It Starts With Food: Discover the Whole30 and Change Your Life in Unexpected Ways (Review)


Title: It Starts With Food: Discover the Whole30 and Change Your Life in Unexpected Ways

Authors: Melissa and Dallas Hartwig

Publication Year: 2012

Pages: 328

Genre: Non-Fiction

Source: Purchased the e-book from Kobo Books

From the cover:

It Starts With Food outlines a clear, balanced, sustainable plan to change the way you eat forever – and transform your life in unexpected ways. Your success story begins with “The Whole30,” Dallas and Melissa Hartwig’s powerful 30-day nutritional reset.

Since 2009, their underground Whole30 program has quietly led tens of thousands of people to weight loss, improved quality of life and a healthier relationship with food – accompanied by stunning improvements in sleep, energy levels, mood and self-esteem. More significantly, many people have reported the “magical” elimination of a variety of symptoms, diseases and conditions – in just 30 days.

Now, Dallas and Melissa detail the theories behind the Whole30, summarizing the science in a simple, accessible manner. It Starts With Food shows you how certain foods may be having negative effects on how you look, feel and live – in ways that you’d never associate with your diet. More importantly, they outline their life-long strategy for Eating Good Food in a clear and detailed action plan designed to help you create a healthy metabolism, heal your digestive tract, calm systemic inflammation and put an end to unhealthy cravings, habits, and relationships with food.

Infused with their signature wit, tough love and common sense, It Starts With Food is based on the latest scientific research and real-life experience, and includes success stories, a shopping guide, a meal planning template, a meal plan with creative, delicious recipes, an extensive list of resources, and much more.

This book may or may not be your cup of tea, to be honest.

It Starts With Food can be seen in some circles as “one of those fad diet books”. It’s associated with an online program of a sort called the Whole30 as well as the Paleo diet. But it’s a bit more of an in-depth look at things than just saying “it’s about a 30 day diet program and eating like cavemen”.

This book explains why so many people choose to eat this way, and how it can benefit you and your body. You may or may not agree with the principles behind it, but if you are looking for an explanation of why people do it, you could do worse than to read It Starts With Food.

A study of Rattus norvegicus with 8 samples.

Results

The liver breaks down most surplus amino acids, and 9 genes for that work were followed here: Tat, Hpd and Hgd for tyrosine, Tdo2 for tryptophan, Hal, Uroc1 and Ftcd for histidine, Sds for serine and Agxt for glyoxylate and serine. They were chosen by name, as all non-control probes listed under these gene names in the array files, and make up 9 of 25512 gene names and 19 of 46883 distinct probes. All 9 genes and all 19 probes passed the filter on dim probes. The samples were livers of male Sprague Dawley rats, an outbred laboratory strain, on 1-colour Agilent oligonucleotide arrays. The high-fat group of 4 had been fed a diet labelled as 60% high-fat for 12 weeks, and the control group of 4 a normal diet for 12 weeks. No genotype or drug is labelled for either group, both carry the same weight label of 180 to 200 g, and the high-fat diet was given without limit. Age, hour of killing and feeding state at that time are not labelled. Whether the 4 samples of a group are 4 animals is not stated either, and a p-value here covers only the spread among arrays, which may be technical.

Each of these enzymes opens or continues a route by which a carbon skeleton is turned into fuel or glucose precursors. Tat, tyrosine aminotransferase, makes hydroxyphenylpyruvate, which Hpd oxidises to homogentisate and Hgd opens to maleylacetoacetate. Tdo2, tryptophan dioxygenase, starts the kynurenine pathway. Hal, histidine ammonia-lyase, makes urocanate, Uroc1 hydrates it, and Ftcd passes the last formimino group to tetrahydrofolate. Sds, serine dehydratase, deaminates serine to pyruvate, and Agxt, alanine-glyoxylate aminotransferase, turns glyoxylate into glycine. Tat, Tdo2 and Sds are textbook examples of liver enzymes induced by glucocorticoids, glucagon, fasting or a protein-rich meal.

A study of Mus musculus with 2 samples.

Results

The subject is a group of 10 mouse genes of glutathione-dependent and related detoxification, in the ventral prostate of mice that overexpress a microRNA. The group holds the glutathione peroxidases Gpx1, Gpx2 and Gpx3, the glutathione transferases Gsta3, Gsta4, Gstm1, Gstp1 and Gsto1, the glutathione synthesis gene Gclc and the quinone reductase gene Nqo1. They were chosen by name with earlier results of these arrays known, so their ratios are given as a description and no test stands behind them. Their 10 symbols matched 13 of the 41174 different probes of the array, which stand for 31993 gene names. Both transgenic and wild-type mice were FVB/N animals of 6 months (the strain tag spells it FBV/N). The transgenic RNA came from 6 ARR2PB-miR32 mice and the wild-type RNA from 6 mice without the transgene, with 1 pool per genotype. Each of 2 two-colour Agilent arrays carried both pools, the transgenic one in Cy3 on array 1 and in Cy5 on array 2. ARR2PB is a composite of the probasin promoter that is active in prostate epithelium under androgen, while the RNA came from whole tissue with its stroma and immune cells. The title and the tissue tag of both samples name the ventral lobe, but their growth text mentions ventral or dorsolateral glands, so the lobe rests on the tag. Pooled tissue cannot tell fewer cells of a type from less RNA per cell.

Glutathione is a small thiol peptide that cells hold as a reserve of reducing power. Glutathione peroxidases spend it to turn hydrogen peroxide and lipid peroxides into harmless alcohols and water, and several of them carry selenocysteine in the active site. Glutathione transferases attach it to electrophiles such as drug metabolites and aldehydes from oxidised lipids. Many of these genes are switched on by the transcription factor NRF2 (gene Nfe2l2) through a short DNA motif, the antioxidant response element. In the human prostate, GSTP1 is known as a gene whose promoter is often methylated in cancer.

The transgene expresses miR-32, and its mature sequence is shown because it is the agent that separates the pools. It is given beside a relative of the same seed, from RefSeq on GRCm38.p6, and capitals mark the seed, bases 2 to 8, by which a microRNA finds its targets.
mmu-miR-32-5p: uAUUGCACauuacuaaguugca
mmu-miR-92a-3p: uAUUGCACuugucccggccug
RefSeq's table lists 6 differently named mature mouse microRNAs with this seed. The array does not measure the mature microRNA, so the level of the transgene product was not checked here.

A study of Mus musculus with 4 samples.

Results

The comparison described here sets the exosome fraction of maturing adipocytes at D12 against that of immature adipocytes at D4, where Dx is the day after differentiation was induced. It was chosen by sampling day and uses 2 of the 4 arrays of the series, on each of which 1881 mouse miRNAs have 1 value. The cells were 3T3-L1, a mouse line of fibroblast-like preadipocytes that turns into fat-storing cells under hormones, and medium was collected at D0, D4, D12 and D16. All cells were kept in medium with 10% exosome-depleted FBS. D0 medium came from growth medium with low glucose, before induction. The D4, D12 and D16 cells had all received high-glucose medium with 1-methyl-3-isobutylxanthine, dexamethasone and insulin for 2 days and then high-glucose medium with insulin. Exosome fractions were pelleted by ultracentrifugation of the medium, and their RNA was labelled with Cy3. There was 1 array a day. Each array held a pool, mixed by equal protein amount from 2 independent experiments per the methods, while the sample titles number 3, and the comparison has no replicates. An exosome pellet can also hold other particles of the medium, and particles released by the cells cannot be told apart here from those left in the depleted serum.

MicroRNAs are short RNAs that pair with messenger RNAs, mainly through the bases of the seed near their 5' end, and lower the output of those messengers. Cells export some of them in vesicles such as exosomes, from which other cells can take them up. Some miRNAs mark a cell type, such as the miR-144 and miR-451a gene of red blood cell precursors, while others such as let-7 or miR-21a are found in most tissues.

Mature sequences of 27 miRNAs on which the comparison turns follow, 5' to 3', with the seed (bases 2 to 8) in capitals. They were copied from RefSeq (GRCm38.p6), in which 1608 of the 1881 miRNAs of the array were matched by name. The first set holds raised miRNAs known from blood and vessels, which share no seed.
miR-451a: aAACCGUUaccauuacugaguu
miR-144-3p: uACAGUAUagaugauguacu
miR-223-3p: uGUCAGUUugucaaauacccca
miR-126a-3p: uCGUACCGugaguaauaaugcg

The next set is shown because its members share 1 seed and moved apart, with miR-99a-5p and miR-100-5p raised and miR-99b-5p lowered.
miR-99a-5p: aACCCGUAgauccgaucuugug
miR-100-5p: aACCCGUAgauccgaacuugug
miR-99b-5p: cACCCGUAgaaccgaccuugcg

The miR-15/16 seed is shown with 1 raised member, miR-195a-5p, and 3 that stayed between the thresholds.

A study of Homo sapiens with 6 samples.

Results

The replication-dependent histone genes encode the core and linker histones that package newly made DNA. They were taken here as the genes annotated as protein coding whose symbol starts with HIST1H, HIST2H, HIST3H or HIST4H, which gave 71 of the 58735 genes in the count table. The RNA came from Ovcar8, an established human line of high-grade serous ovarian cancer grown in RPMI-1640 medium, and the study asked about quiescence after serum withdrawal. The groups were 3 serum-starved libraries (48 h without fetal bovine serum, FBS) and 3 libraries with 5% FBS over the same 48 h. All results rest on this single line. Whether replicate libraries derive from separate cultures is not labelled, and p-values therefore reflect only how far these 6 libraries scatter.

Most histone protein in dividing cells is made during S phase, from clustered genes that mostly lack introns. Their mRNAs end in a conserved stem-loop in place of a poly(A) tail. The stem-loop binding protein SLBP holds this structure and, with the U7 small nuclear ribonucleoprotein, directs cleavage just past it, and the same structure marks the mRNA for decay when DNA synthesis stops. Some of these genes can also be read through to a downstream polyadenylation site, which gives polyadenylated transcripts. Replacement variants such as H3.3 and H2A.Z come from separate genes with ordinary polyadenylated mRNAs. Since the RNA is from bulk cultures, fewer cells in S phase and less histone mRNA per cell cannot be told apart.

Personally, I found the writing engaging and accessible to people with little-to-no scientific background. I was able to follow the descriptions and explanations that the Hartwigs gave in each section, often before even getting to the analogy where they simplified what they had already been saying. Whether or not everything they say can be backed up by pure science is not really the purview of what I do here on this blog, so I won’t go there. But what I will say is that, at the very least, what they said made a certain kind of sense, enough for me to use it as the basis for how I eat going forward.

If you’re interested in any of these things, go ahead and read It Starts With Food. You could do worse than eating more whole, healthy, unprocessed foods … which is basically what the book advocates in a nutshell.

Rating:


2 Comments

  1. tanya says:

    Sounds interesting to me. I find that periodically reading things that encourage whole food eating help me to stay on the right track. Their alliance with the Paleo diet sets me off it a bit though, since I am a veggie and doesn’t the paleo diet have a lot of meat in it? Oh well. may read it anyways.

    • Carina says:

      Yeah, neither the paleo diet nor the plan these guys encourage is all that veggie-friendly. The protein sources that most vegetarians I’ve known generally use are pretty much off the list here. But if you can ignore the meat evangelism, the other bits might still be good for encouraging whole-food eating, even if you have to modify their plan around being veggie?